State of the economy: November 2021

This report summarises recent developments in the global and Scottish economy and provides an analysis of the performance of, and outlook for, the Scottish economy.


Scotland's GDP continued to edge back towards its pre-pandemic level in August and is now 1.3% below, having fallen over 20% at the start of the pandemic. The pace of growth has generally slowed over July and August reflecting that the boost in output from restrictions easing on consumer facing services over the second quarter has moderated and supply chain disruption has been impacting on activity in construction and manufacturing in particular.

Labour market conditions are also continuing to improve with the number of payrolled employees rising back above pre-pandemic levels for the first time, having fallen almost 4% during 2020. However, uncertainty has increased slightly in recent months as labour shortages in some sectors continue to emerge while the end of the furlough scheme presents a key step change in the support being provided to employment and incomes. 80,000 jobs in Scotland were still on the furlough scheme when it ended in September and while it is too early to see impacts in the official unemployment figures, emerging survey data suggests many furloughed workers have returned to work which should contribute to economic scarring being lower than initially feared.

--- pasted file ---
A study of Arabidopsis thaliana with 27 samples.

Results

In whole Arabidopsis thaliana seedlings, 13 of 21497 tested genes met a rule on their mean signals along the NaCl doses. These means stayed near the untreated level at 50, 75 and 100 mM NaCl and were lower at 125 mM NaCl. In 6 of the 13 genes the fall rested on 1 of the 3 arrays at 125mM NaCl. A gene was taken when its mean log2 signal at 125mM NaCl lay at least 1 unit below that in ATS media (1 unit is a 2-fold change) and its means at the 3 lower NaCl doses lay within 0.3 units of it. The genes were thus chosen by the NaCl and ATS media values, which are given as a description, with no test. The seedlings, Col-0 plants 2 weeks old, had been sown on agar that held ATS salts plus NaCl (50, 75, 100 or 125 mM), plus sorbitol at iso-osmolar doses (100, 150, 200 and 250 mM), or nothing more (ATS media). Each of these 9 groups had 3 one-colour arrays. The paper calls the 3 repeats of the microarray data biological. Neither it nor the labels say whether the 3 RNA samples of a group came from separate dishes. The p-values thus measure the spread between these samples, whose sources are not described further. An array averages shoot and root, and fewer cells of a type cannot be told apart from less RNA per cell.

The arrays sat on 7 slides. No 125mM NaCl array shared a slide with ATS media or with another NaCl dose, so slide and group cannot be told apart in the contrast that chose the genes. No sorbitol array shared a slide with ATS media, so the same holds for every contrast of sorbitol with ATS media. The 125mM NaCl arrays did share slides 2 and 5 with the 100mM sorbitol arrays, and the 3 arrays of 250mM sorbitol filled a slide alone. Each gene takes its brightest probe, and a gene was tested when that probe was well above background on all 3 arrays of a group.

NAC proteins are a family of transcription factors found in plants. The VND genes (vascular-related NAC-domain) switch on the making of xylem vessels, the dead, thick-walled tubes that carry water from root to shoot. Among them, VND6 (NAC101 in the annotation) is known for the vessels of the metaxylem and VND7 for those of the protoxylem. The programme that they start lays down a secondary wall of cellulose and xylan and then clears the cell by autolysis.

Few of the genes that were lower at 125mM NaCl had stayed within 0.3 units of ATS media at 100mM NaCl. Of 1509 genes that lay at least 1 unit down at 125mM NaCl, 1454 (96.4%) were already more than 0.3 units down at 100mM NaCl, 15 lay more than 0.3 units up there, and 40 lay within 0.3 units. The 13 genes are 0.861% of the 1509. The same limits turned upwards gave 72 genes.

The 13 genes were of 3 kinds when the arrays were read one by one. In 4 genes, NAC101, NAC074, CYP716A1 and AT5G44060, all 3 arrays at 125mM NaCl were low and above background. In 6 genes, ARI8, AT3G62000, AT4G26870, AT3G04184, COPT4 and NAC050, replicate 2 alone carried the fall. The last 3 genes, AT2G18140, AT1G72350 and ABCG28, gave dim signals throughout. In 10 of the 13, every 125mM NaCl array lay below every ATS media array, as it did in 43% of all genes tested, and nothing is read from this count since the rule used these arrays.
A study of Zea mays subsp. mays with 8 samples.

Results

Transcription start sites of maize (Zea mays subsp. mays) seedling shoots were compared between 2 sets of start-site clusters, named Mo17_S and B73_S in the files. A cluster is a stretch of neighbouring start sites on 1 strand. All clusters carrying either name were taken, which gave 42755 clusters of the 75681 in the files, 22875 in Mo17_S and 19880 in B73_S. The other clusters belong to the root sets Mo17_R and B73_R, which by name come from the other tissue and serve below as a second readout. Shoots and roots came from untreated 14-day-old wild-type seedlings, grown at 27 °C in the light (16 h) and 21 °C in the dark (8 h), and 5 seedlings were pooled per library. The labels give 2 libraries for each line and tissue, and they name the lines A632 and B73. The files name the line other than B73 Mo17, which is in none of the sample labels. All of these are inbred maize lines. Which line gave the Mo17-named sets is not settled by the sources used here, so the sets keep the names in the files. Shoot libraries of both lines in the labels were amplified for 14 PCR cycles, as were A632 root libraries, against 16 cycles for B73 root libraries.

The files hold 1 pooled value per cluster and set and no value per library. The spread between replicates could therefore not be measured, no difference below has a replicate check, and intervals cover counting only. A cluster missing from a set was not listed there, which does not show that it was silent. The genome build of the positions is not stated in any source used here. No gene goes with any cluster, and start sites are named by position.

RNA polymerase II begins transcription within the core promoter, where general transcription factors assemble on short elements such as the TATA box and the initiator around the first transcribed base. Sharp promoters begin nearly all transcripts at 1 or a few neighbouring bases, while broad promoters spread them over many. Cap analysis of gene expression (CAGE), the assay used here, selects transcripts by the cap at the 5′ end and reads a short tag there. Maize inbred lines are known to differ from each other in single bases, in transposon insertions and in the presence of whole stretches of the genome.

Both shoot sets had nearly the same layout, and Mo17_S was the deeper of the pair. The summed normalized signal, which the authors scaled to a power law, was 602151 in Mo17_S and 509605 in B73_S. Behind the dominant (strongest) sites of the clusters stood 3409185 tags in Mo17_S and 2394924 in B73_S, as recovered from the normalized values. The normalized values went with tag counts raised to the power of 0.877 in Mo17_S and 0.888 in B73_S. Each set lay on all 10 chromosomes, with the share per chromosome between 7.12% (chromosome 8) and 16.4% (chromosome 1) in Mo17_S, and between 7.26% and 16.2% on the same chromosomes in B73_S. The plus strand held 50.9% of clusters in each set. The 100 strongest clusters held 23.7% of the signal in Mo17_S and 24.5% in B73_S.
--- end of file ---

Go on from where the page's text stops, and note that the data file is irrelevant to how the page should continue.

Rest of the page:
Trading conditions remain challenging for businesses at this stage of the pandemic as supply chain disruption and inflationary pressures on input costs have intensified and present new cashflow challenges for many businesses. Part of this reflects bottlenecks in supply chains and material shortages, while the sharp rise in energy costs and some upward pressure on wage costs are also impacting.

The latest data indicate that businesses are partly absorbing some of the higher costs, however costs are also passing through to consumers and could see inflation rise towards 5% in the coming months. This is largely expected to be temporary as the economy continues to rebalance, however will create new pressures on households budget and spending power.

Looking ahead, levels of business and consumer sentiment remain positive and have significantly improved on last year, however have softened slightly recently as new challenges have emerged. Current forecasts expect Scotland's GDP to return to pre-pandemic levels in the first half of 2022.